Welcome readers to todays offering from The Philatelist. So slip on your smoking jacket, fill your pipe, take your first sip of your adult beverage, and sit back in your most comfortable chair. We have an interesting story about how desiccated finery can lead to nostalgia.
Today’s stamp is from the early years of the Shah of Iran’s reign. You can see on the stamp a lot of Turkish and British influence. The Turk in the style of paper and the British in how the Royal is portrayed. Notice his dress is western and the portrait attempts to show him as a wise father figure. Some stamps from later in his rule show the Shah as an ageless profile. Much in the same way as Queen Elizabeth, and Queen Victoria before her were displayed.
The stamp today is issue A71, a 5 dinar stamp issued by Imperial Iran in 1949. This was before the time of the Mossedeck coup but during when he served as one of the Shah’s appointed Prime Ministers. The stamp displays the Ramsar Hotel. It was part a 16 stamp issue that displayed various architectural landmarks that could be credited to the Shah. According to the Scott catalog, it is worth 25 cents cancelled.
The Ramsar Hotel, now known as the old hotel, was built in the 1930s in the resort town of Ramsar on the Caspian Sea. A newer larger wing was built next to it in the 1960s. When built the hotel was quite grand, however time has not been kind to it. It still photographs well and was built in a very good location that captures the natural beauty. The hotel today however is in disrepair, expensive and has a poor staff. The original 5 star rating is more like a 2 star if you believe the online reviews.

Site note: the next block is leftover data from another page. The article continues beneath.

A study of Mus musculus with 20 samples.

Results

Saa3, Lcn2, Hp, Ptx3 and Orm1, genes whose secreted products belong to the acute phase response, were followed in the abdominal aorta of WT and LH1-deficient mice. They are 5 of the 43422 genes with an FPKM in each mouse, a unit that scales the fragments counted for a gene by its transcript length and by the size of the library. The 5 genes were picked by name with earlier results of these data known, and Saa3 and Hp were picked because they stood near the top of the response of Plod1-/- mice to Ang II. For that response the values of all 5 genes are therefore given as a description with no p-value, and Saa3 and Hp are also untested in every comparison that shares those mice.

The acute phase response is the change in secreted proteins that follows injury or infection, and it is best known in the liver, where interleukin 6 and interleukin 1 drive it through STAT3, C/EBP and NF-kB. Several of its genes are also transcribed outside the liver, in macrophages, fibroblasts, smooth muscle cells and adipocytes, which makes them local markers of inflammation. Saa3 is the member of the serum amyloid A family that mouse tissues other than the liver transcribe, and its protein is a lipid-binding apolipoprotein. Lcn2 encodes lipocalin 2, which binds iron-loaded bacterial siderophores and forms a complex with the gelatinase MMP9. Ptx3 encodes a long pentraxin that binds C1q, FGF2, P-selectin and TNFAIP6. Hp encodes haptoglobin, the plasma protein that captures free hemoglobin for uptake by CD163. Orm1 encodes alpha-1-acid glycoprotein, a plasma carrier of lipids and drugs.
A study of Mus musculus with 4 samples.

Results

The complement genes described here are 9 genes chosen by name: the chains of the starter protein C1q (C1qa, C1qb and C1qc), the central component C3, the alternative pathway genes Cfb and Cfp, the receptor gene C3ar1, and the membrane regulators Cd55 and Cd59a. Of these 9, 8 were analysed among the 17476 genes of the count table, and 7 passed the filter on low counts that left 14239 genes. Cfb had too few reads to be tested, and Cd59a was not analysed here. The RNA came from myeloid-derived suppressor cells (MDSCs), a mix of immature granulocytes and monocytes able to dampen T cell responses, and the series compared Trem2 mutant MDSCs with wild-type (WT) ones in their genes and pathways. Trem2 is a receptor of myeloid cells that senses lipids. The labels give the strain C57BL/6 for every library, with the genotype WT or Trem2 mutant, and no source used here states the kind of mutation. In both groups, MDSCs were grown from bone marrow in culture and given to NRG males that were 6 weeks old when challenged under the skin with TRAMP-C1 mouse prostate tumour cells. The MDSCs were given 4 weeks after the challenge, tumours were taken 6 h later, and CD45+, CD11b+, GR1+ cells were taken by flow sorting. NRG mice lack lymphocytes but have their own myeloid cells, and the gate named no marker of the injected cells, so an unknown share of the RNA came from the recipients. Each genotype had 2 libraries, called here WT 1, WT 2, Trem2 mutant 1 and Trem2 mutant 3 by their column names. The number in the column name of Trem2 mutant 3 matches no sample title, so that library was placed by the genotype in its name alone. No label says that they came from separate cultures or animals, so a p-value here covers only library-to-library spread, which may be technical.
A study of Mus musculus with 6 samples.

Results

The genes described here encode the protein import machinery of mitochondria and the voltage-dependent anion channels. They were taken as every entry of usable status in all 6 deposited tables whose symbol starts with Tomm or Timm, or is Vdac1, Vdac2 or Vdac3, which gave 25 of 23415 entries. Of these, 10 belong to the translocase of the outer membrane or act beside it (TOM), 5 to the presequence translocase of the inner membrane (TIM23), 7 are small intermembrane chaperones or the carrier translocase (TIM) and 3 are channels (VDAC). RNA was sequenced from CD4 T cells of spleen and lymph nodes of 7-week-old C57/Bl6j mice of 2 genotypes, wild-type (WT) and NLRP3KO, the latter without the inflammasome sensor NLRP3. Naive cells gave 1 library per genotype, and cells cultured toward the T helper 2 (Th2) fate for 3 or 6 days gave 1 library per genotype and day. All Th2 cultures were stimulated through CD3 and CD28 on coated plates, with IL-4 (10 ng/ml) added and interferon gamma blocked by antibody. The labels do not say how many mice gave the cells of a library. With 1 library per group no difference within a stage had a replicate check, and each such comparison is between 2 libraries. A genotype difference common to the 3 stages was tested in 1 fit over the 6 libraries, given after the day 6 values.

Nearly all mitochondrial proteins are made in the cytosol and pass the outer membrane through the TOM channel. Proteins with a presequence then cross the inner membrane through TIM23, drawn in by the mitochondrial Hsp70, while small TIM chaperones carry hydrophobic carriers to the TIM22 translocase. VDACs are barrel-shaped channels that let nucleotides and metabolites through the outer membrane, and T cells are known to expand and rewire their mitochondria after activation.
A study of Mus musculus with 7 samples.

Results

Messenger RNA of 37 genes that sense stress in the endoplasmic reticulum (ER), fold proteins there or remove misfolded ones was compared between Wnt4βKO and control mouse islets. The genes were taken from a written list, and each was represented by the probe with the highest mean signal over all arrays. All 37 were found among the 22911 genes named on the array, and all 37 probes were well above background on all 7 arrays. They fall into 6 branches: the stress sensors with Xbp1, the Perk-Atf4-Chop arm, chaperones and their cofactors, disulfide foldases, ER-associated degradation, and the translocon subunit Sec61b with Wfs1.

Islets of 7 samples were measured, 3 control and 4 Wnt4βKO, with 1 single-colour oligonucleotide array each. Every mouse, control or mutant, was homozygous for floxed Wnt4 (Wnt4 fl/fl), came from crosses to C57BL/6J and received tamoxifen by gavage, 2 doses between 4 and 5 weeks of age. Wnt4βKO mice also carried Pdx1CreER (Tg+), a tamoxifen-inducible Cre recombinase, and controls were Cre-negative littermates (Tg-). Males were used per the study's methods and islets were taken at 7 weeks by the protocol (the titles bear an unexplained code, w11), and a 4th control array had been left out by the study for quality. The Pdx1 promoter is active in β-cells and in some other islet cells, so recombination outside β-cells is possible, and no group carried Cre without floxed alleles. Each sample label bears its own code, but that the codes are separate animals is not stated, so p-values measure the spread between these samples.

This situation helps one to see how a leader like the Shah can see his reputation rise in terms of nostalgia. With no restraints and ample oil revenue, great edifices of prosperity are built. The connected class enjoys this high life with nightclubs, imported food and wine, and fine cars. Their women wore miniskirts and had uncovered hair. A movement rises up calling this decadent and forces him from power. With him goes all the high living and western decadence. No new edifices of prosperity are built and the ones from the former time fall into disrepair like the Ramsar Old Hotel.
Here is where the rub happens. If the average person does not feel his or her own life better under the new system resentment can form. The Shah built things, what have you done? Likely there is a class of people that benefits from the current system but they must keep their own high living hidden in a way the Shah’s people never did. The style of the old times takes on a new respect. This is how it should be. The former regime was not all bad and the current regime is not all good. Despite what the partisan of each will tell you.
Well my drink is empty and it is time to open up the conversation in the below comment section. Have any of our readers stayed at the Ramsar Hotel, perhaps during the glory years? Come again tomorrow for another story that can be learned from stamp collecting.